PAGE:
Edited by: Carsten Stahn, Mohamed El Zeidy

ISBN13: 9781107011588
Published: October 2011
Publisher: Cambridge University Press
Country of Publication: UK
Format: 2 Volume Hardback
Price: £321.00


International Criminal Law
Volume 1:
Introduction: bridge over troubled waters?
Complementarity themes and debates in context
Part I. General Reflections
1. A positive approach to complementarity: the impact of the Office of the Prosecutor
2. Justice and prevention
3. Proactive complementarity: a registrar's perspective and plans
Part II. Origin and Genesis of Complementarity
4. The genesis of complementarity
5. Reflections on complementarity at the Rome Conference and beyond
6. The rise and fall of complementarity
Part III. Analytical Dimensions of Complementarity
7. Complementarity as global governance
8. Policy through complementarity: the atrocity trial as justice
9. Taking complementarity seriously: on the sense and sensibility of 'classical', 'positive' and 'negative' complementarity
10. International criminal justice in the era of failed states: the ICC and the self-referral debate
11. The quest for constructive complementarity
12. Reframing positive complementarity: reflections on the first decade and insights from the US federal criminal justice system
13. Too much of a good thing? Implementation and the uses of complementarity
Part IV. Interpretation and Application
14. The application of the principle of complementarity to the decision of where to open an investigation: the admissibility of 'situations'
15. Situations and case: defining the parameters
16. The inaction controversy: neglected words and new opportunities
17. Admissibility procedure
18. The evolution of the ICC jurisprudence on admissibility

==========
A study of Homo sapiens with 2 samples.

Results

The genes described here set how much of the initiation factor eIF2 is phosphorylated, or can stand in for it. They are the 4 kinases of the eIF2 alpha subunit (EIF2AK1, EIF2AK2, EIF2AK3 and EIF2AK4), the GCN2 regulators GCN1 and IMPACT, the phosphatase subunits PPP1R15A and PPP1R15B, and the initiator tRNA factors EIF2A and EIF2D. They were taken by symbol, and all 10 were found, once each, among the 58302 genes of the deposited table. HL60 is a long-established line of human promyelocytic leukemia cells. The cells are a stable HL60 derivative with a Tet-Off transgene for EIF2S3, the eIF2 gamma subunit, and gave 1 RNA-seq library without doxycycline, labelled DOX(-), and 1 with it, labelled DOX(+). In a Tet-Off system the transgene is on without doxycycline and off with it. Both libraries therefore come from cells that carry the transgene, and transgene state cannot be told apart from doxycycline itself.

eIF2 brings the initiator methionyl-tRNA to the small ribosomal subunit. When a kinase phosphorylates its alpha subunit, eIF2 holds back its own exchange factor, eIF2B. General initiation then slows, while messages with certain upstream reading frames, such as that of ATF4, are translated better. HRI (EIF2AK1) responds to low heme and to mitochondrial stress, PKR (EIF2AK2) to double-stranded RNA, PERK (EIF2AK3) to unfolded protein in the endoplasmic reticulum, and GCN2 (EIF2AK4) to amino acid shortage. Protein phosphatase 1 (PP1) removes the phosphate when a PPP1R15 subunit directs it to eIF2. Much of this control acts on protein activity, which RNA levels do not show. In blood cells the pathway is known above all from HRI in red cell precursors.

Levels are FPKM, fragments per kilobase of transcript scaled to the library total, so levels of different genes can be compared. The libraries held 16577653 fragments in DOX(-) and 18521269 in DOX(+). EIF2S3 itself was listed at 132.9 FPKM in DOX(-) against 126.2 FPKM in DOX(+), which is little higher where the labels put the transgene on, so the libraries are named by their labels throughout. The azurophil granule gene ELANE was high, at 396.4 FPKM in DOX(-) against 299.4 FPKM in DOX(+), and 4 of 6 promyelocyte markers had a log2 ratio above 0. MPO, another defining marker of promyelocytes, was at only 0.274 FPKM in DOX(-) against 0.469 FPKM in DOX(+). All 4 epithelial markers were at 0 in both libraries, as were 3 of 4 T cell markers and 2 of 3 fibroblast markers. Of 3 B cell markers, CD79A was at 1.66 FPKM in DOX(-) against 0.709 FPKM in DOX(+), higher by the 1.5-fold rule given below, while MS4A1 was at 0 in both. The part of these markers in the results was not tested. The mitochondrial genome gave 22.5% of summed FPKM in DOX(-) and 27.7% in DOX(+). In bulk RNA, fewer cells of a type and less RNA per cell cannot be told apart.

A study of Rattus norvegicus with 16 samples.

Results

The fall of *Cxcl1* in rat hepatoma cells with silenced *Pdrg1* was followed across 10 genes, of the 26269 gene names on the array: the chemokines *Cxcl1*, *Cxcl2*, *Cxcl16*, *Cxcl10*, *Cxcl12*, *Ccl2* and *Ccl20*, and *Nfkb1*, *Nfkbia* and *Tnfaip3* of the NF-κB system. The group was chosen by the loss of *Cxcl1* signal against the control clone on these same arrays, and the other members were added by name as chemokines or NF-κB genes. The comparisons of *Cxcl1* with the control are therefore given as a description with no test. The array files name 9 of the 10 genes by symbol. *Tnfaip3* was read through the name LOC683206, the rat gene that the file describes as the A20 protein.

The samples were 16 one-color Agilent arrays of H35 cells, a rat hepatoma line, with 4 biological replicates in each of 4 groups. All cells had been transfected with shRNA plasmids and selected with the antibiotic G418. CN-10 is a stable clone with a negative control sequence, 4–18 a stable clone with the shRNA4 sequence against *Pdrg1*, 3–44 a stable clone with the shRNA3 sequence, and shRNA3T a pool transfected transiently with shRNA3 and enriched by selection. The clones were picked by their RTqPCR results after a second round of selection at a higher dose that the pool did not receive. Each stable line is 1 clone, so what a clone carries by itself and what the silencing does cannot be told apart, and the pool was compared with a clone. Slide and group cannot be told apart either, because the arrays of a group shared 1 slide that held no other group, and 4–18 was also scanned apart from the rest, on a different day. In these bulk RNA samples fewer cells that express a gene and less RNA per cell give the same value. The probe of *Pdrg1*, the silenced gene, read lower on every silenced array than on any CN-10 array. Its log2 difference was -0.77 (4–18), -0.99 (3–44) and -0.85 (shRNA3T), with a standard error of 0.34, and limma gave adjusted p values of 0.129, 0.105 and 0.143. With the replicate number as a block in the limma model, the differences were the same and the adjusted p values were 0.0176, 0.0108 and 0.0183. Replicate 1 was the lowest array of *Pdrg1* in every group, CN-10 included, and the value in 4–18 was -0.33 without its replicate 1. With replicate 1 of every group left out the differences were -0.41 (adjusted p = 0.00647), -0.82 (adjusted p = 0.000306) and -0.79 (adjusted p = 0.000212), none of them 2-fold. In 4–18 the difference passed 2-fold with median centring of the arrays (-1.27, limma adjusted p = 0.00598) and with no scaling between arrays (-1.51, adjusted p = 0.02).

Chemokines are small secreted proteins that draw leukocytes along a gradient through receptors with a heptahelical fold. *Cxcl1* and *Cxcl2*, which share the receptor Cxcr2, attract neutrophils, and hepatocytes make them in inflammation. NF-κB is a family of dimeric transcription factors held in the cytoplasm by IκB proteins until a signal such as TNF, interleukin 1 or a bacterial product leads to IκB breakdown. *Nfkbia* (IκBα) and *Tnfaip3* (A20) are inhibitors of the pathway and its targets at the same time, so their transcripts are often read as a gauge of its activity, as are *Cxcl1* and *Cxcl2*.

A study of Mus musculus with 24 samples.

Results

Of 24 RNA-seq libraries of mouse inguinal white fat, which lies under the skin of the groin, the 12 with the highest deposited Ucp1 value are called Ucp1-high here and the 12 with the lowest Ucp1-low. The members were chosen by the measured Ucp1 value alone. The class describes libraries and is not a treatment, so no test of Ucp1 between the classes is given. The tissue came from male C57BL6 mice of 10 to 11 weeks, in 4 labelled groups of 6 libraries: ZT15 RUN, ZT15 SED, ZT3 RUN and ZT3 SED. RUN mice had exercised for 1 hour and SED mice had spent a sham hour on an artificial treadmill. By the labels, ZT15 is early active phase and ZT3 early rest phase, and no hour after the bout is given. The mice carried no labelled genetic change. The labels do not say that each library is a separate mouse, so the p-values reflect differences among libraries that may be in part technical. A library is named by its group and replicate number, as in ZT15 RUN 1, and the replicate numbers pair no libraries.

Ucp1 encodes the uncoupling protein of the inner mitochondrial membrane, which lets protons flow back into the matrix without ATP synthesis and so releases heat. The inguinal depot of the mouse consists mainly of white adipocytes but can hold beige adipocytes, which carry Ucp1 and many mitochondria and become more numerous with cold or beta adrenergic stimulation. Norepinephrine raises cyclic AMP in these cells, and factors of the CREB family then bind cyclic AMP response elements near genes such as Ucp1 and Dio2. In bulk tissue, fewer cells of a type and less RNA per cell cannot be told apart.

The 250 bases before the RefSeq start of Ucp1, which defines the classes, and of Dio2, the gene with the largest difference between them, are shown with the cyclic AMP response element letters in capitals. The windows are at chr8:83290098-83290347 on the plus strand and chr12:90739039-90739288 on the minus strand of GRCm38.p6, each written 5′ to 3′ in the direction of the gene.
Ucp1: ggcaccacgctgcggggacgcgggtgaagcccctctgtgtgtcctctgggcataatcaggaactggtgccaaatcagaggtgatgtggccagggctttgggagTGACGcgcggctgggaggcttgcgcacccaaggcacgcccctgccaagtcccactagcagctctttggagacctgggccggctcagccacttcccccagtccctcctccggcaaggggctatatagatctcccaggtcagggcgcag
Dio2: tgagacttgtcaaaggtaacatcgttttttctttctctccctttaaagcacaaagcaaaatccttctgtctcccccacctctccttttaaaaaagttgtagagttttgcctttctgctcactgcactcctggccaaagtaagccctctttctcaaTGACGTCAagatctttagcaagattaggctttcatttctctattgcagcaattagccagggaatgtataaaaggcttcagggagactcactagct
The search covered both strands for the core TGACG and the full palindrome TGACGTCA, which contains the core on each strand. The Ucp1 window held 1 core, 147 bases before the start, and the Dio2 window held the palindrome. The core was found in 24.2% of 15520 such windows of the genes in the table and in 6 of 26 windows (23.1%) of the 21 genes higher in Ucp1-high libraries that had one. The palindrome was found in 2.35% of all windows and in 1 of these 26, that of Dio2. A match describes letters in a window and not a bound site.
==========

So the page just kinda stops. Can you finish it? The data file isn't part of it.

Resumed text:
19. Interpretative gravity under the ICC statute: identifying common gravity criteria
20. Complementarity and burden allocation.
Volume 2:
21. States' obligations to investigate and prosecute perpetrators of international crimes: the perspective of the European Court of Human Rights
22. The law and policy of complementarity in relation to 'criminal proceedings' carried out by non-state organized armed groups
23. Complementarity and the crime of aggression
24. Complementarity and alternative forms of justice: a new test for ICC admissibility
25. Complementarity and 'reverse cooperation'
26. In the hands of the state: implementing legislation and complementarity
Part V. Complementarity in Perspective
27. Horizontal complementarity
28. The International Criminal Tribunal for the Former Yugoslavia ('ICTY') and the transfer of cases and materials to national judicial authorities: lessons in complementarity
29. Positive complementarity in practice: ICTY rule 11bis and the use of the tribunal's evidence in the Srebrenica trials before the Bosnian War Crimes Chamber
30. Complementarity of procedures: how to avoid reinventing the wheel
Part VI. Complementarity in Practice
31. Making complementarity work: maximising the limited role of the prosecutor
32. Positive complementarity in action
33. Complementarity and the construction of national ability
34. The Colombian Peace Process (Law 975 of 2005) and the ICC's principle of complementarity
35. Darfur: complementarity as the drafters intended?
36. Complementarity in Uganda: domestic diversity or international imposition?
37. Courts, conflict and complementarity in Uganda
38. Chasing cases: the ICC and the politics of state referral in the Democratic Republic of Congo and Uganda
39. A problem, not a solution: complementarity in the Central African Republic and Democratic Republic of Congo
40. Complementarity and the impact of the Rome Statute and the International Criminal Court in Kenya.